Amid an onslaught of negative credit news, there are some bright spots. So-called Rising Stars, sectors whose credit quality has moved from high-yield or “junk” status to investment-grade, are growing, slowly but surely.
According to consensus credit data from Credit Benchmark, which gathers the collective credit quality estimates of lenders to these firms, the total number of new Rising Stars has increased by 49 from the prior update.
Each month, Credit Benchmark tracks a global sample of corporations across all sectors to gauge the percentage of firms that have improved to investment-grade status. This month’s report captures consensus credit data for 6,901 companies that were classified as High Yield as at end-Feb 2020 and finds that since that time, 305 (about 4%) have migrated into Investment-grade, based on the internal risk views of over 40 leading global financial institutions. Of the 32 sectors examined, 14 have a higher percentage of Rising Stars than the average for the full sample.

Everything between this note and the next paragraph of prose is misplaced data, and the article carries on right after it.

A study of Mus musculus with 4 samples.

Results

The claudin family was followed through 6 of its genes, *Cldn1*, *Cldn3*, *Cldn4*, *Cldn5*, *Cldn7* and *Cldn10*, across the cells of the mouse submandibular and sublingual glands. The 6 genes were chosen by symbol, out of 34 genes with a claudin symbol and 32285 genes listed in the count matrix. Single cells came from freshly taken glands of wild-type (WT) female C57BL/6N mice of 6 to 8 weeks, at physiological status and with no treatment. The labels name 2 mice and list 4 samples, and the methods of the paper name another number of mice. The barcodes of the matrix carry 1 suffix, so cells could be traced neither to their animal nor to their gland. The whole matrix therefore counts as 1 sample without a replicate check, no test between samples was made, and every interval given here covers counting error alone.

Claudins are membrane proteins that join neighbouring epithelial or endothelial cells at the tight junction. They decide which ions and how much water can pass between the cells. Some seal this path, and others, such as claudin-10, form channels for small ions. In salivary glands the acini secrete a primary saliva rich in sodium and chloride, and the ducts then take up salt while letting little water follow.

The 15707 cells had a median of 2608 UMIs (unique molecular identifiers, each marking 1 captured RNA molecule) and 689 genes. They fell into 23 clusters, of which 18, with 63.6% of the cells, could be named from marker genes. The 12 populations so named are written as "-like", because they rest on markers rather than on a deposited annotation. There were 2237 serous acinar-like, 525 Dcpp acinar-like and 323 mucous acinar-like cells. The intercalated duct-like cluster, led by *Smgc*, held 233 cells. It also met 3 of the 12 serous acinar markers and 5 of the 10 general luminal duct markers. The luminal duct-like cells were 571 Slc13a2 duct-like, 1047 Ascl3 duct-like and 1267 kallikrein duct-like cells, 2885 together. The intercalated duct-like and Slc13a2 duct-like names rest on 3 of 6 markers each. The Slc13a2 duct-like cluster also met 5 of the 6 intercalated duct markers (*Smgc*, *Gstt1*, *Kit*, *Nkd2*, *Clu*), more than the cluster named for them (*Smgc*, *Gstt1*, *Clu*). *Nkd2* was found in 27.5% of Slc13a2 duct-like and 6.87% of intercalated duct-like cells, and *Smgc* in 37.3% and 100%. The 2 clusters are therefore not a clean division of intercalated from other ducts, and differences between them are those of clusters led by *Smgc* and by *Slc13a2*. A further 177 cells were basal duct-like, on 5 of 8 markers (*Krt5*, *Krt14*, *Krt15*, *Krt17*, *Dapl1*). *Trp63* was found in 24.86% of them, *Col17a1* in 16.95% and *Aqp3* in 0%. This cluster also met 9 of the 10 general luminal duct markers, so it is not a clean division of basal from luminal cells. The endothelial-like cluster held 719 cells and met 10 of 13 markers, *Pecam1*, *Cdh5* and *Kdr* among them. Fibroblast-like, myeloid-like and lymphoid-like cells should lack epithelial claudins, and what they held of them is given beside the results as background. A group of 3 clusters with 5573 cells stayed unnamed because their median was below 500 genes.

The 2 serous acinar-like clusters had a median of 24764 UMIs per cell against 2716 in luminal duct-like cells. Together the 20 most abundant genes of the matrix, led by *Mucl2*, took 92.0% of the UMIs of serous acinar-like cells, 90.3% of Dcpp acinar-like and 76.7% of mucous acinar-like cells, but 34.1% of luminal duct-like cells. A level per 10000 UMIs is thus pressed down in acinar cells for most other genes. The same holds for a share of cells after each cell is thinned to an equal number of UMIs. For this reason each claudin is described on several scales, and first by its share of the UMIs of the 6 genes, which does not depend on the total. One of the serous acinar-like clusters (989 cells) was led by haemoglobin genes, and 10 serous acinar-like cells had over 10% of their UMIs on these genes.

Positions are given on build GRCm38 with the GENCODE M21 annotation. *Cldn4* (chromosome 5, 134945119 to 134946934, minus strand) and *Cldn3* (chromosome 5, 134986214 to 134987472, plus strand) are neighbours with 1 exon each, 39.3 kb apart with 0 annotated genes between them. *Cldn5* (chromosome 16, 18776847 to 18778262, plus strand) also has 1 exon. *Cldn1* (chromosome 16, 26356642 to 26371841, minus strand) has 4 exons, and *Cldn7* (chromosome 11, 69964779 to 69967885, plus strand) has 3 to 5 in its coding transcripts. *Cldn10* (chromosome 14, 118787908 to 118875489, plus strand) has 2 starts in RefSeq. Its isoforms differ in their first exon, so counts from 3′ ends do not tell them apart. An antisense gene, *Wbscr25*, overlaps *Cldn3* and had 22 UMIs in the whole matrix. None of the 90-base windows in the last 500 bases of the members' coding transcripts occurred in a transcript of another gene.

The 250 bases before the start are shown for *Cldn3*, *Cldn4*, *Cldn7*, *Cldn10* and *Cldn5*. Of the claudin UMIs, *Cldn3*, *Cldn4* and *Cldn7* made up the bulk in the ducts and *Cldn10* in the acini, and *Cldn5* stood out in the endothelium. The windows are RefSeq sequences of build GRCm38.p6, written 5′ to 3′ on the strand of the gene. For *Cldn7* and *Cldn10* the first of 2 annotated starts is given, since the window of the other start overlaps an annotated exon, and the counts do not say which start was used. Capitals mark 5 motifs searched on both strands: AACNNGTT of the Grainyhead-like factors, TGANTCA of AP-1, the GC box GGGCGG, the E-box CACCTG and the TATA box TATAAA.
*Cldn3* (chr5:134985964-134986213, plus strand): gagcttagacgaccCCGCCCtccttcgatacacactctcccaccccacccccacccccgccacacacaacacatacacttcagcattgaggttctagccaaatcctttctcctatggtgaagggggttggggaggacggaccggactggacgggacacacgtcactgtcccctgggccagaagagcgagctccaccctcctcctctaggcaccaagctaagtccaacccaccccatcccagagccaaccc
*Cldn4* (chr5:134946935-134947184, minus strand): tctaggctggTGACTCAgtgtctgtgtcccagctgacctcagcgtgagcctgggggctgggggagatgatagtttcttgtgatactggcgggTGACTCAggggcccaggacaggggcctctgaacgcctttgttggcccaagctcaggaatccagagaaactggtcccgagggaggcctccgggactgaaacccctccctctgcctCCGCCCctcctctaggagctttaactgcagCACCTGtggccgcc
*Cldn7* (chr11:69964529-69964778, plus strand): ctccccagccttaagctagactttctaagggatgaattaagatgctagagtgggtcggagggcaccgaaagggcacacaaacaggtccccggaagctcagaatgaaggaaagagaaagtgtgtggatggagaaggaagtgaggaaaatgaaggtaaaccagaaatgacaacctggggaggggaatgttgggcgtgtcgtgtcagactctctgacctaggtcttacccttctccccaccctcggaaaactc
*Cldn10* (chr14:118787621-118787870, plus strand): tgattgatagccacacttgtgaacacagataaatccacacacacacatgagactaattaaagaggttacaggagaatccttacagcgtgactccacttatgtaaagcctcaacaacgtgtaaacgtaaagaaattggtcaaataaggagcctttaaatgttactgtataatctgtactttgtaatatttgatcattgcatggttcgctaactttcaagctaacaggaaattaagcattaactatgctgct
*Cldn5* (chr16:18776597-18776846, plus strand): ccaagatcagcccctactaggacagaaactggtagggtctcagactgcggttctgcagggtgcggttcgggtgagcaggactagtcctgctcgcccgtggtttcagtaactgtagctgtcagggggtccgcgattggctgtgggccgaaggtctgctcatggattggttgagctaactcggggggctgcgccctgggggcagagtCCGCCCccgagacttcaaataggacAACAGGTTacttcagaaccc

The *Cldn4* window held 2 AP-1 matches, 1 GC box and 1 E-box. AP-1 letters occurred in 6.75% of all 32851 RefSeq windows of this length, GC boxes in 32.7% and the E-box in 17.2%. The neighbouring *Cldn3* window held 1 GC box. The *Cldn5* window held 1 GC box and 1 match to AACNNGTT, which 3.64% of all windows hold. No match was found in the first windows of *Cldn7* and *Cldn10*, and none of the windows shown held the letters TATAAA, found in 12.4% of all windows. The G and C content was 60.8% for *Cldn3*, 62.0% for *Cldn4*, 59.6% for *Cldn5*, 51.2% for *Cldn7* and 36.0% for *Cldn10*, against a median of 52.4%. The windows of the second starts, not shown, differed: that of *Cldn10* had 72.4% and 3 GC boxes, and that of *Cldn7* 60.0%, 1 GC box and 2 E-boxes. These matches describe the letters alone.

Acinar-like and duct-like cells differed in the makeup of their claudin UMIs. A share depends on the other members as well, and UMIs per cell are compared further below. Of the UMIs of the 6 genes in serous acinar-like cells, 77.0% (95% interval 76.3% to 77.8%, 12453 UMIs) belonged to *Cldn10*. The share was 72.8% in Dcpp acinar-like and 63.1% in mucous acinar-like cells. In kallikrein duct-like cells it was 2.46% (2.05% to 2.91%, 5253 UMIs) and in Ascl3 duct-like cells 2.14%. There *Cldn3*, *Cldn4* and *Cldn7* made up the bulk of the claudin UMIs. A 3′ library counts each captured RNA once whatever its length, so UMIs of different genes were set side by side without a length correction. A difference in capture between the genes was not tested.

Aerospace & Defence has the highest percentage of Rising Stars at 16%, followed by Electricity at 12% and Fixed Line Telecommunications at 9%. Of these three, Electricity is the sector whose percentage has grown.
Other sectors with rising stars include but are not limited to Food & Drug Retailers, now at 9%; Support Services, now at 6%; General Retailers, now at 5%; Industrial Transportation, now at 4%; and Food Producers, now at 3%.
In part, the positions of these sectors reflect underlying strength. The Health Care Equipment & Services sector, for example, is heavily skewed toward investment-grade names and is therefore less likely to see a great deal of month-to-month volatility in the number of new rising stars.
Ongoing economic malaise and uncertainty continue to make it difficult for many sectors to show significant improvement in credit quality. Travel & Leisure, for example, will face multiple pressure points, including reduced vacationing amid safety concern. Airline job cuts are already close to 50,000. In turn, that will weigh on Oil & Gas Producers and Oil Equipment, Services & Distribution – all of whom have been slow to show any signs of credit quality improvement. Recent news for the energy sector is scarcely better, whether it’s US energy firms or those around the world.